While a lawsuit may not be your first thought after an unpleasant police encounter, Virginia law provides civil legal recourse to protect its citizens from abuses of power by governmental offices. This includes the right to bring a lawsuit against a law enforcement officer who has committed a false arrest.
Filing a lawsuit can hold powerful people accountable when they break detainment laws, ensuring that other people do not face false arrests in the future. Filing a lawsuit can also help you cover the cost of any damages you may have suffered as a result of the false arrest, including bodily injury or job loss.
What Is A False Arrest?
Most states’ false arrest laws establish similar requirements. The most foundational qualifying factor for a false arrest is the apprehension of a person that has been performed without justification. You may also hear the term “unlawful arrest.” False arrest and unlawful arrest are interchangeable legal terms; both refer to the same body of law.
Virginia primarily follows common law standards—in other words, legal precedents set by earlier court cases. Officers can initiate an arrest whenever they see a crime occur. If they did not witness the crime as it occurred, they do not have the authority to take someone into custody unless there is already a warrant for that person’s arrest – or there is evidence of a felony being committed in the presence of the officer. Another exception is detainment for breach of peace. This type of arrest may be more difficult for law enforcement to justify because, although it has historically been part of common law, current law practice maintains stricter requirements.
False Arrest vs. False Imprisonment
Some states use the terms false arrest and false imprisonment to refer to slightly different scenarios. For example, certain states may use false imprisonment to describe a broader scope of scenarios. It could include any type of detainment, with or without a claim of authority to make a detainment.
This means that if any person – not just a law enforcement officer – were to trap you and prevent you from leaving a place for an indefinite or prolonged period of time, it may qualify as a false arrest. This is the case regardless of whether or not the person claims that you have committed a crime or that they have knowledge of a warrant out for your arrest.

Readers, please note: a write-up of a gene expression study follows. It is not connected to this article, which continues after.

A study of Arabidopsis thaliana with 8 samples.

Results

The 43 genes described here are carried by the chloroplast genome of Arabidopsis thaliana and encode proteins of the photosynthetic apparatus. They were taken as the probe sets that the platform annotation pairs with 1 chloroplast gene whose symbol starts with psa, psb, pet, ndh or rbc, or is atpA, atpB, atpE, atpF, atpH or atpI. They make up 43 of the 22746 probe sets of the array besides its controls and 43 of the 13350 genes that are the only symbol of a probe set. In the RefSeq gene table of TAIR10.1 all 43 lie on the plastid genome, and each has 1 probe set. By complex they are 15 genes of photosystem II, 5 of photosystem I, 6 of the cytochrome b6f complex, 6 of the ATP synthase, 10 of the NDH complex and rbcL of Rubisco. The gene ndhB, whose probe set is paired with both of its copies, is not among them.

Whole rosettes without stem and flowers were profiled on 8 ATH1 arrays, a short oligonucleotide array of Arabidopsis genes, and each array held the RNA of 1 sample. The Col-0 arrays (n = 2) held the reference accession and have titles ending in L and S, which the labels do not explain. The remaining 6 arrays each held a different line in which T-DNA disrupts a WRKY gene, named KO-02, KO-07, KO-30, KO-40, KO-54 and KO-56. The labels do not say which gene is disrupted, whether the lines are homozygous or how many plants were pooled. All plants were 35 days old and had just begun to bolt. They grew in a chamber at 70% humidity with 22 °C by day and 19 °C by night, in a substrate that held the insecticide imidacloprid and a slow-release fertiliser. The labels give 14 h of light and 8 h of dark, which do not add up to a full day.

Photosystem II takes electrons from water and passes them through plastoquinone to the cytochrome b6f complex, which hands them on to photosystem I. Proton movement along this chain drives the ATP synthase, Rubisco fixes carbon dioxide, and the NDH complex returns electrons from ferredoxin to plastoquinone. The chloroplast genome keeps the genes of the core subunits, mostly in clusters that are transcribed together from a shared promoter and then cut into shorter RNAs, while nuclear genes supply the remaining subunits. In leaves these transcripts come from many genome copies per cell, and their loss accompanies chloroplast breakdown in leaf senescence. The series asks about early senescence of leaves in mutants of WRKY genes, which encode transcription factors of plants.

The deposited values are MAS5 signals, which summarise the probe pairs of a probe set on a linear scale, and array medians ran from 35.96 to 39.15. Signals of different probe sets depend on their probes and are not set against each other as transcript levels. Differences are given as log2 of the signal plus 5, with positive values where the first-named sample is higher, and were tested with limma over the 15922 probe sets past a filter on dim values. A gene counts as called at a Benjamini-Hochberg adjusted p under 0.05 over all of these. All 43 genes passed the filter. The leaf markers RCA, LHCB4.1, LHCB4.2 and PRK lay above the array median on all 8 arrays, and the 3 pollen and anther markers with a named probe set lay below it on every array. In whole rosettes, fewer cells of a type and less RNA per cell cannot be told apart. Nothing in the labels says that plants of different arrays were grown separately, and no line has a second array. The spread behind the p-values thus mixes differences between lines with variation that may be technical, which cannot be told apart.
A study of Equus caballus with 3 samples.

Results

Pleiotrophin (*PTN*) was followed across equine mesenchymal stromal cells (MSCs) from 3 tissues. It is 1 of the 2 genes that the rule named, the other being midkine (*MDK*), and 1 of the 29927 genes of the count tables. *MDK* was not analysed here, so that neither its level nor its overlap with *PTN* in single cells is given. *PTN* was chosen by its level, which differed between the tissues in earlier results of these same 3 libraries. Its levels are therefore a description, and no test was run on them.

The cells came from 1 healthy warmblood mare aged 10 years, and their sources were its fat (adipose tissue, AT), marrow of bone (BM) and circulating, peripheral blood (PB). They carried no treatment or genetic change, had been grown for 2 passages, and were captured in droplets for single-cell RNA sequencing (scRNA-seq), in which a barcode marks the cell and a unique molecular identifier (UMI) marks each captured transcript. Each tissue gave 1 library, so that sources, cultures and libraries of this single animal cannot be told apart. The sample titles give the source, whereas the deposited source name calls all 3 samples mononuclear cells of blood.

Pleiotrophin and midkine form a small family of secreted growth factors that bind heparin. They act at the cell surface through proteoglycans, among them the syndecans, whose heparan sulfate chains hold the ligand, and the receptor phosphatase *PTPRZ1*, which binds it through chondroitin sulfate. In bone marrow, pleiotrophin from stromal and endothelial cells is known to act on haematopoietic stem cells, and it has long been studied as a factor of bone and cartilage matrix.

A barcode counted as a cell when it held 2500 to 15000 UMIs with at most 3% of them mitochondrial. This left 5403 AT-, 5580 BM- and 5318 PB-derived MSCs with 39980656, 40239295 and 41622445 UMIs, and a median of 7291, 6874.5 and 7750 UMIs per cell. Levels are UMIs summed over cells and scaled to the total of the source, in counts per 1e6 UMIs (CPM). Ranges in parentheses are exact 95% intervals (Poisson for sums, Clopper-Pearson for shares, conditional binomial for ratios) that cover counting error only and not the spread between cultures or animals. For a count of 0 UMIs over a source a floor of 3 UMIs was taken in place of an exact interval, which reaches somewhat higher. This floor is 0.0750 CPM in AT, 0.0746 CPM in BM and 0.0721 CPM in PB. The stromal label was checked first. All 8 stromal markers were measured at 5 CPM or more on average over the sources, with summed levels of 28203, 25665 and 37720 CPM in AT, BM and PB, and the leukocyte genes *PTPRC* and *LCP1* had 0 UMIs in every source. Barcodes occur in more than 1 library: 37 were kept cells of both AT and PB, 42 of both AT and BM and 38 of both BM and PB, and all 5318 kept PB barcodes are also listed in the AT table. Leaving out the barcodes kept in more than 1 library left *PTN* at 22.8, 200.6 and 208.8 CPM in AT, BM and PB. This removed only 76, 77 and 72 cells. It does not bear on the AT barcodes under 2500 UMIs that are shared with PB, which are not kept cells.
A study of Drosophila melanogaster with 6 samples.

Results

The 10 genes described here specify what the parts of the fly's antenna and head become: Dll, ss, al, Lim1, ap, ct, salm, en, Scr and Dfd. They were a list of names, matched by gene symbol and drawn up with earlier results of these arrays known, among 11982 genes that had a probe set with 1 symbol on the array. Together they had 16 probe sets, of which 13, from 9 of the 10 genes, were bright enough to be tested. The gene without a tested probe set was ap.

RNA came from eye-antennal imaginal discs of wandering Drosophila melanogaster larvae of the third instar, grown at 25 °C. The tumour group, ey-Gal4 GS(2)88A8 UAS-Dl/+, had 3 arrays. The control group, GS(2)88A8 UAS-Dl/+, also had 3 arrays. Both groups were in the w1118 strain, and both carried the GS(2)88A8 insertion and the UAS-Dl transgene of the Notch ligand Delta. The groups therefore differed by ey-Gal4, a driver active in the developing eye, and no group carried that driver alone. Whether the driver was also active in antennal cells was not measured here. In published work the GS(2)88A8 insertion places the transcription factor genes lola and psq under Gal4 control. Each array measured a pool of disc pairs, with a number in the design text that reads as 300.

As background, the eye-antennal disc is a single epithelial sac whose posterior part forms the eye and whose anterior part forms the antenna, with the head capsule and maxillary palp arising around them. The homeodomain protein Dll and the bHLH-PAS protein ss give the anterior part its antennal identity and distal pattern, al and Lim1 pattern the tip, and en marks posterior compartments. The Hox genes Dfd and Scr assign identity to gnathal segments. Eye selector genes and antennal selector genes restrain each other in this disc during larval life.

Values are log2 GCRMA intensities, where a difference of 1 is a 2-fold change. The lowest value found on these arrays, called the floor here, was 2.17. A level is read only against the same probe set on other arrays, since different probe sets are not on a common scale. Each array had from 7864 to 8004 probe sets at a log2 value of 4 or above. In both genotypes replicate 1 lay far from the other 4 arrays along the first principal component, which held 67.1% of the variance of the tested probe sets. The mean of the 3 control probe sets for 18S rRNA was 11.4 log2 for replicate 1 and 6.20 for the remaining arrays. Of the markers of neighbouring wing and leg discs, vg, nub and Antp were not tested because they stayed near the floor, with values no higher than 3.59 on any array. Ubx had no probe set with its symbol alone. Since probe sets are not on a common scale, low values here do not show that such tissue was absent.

Virginia law defines false imprisonment as the, “restraint of one’s liberty without any sufficient legal excuse.” Although the definition sounds broad, the case that gave rise to it was a false arrest case. A police officer arrested a citizen for alleged wrongdoing but did not have a warrant. So, while the definitions may somewhat differ, in practice Virginia uses the terms for similar situations.
Your Rights If Arrested
If you are arrested, wrongfully or not, know that you have certain fundamental rights Known as your Miranda Rights. Miranda Rights protect against self-incrimination. For wrongful arrest cases, in particular, the officer may not have evidence or other legal justification to arrest you. A police officer may try to make you feel pressured to tell the police what they want to hear and admit to a crime that you did not actually commit, but you have no legal obligation to say anything.
Miranda Rights cover five distinct components. You’ve probably heard of Miranda Rights before but may not have considered what they mean. The five components are:
- You have the right to remain silent.
- Anything you say can and will be used against you in a court of law.
- You have the right to an attorney.
- If you cannot afford an attorney, one will be provided for you.
- Do you understand the rights I have just read to you?
In the circumstance of an arrest, the arrestee is under no legal obligation to speak to law enforcement if they do not want to speak. The arrestee may also desire to discuss their situation with a legal professional before speaking with law enforcement. Choosing not to speak to law enforcement, or speaking with legal counsel before speaking to law enforcement, are both valid responses to an arrest. The fifth Miranda Right exists to verify that you are a person capable of understanding your rights following an arrest.
How To File A Lawsuit
Time is a crucial factor in matters of false detainment. Many states require that you file a “notice of claim” as soon as possible after an alleged false arrest—sometimes as soon as 60 days but not a day later. These claims notify the government that you are filing a claim because you were the victim of harm by a governmental employee. If you are in a state that requires you to file a timely notice of claim but fails to file the claim within the designated time frame you may not be able to proceed with a lawsuit.
Since it can be difficult to navigate these rules alone, it is important to contact a lawyer immediately following an unlawful police seizure. A lawyer can help you navigate Virginia law and ensure that you file a timely claim to receive any due compensation.
Trust The Professionals If You Believe You Have Been Falsely Arrested
An unlawful arrest can be a physically and emotionally stressful experience. The impact of an unlawful arrest may haunt you for years and even cause permanent harm to your reputation, earning capacity, or health. The lawyers at The Brown Firm would be happy to help you understand your legal options. Reach out today to schedule a consultation and discuss any questions you may have about the process.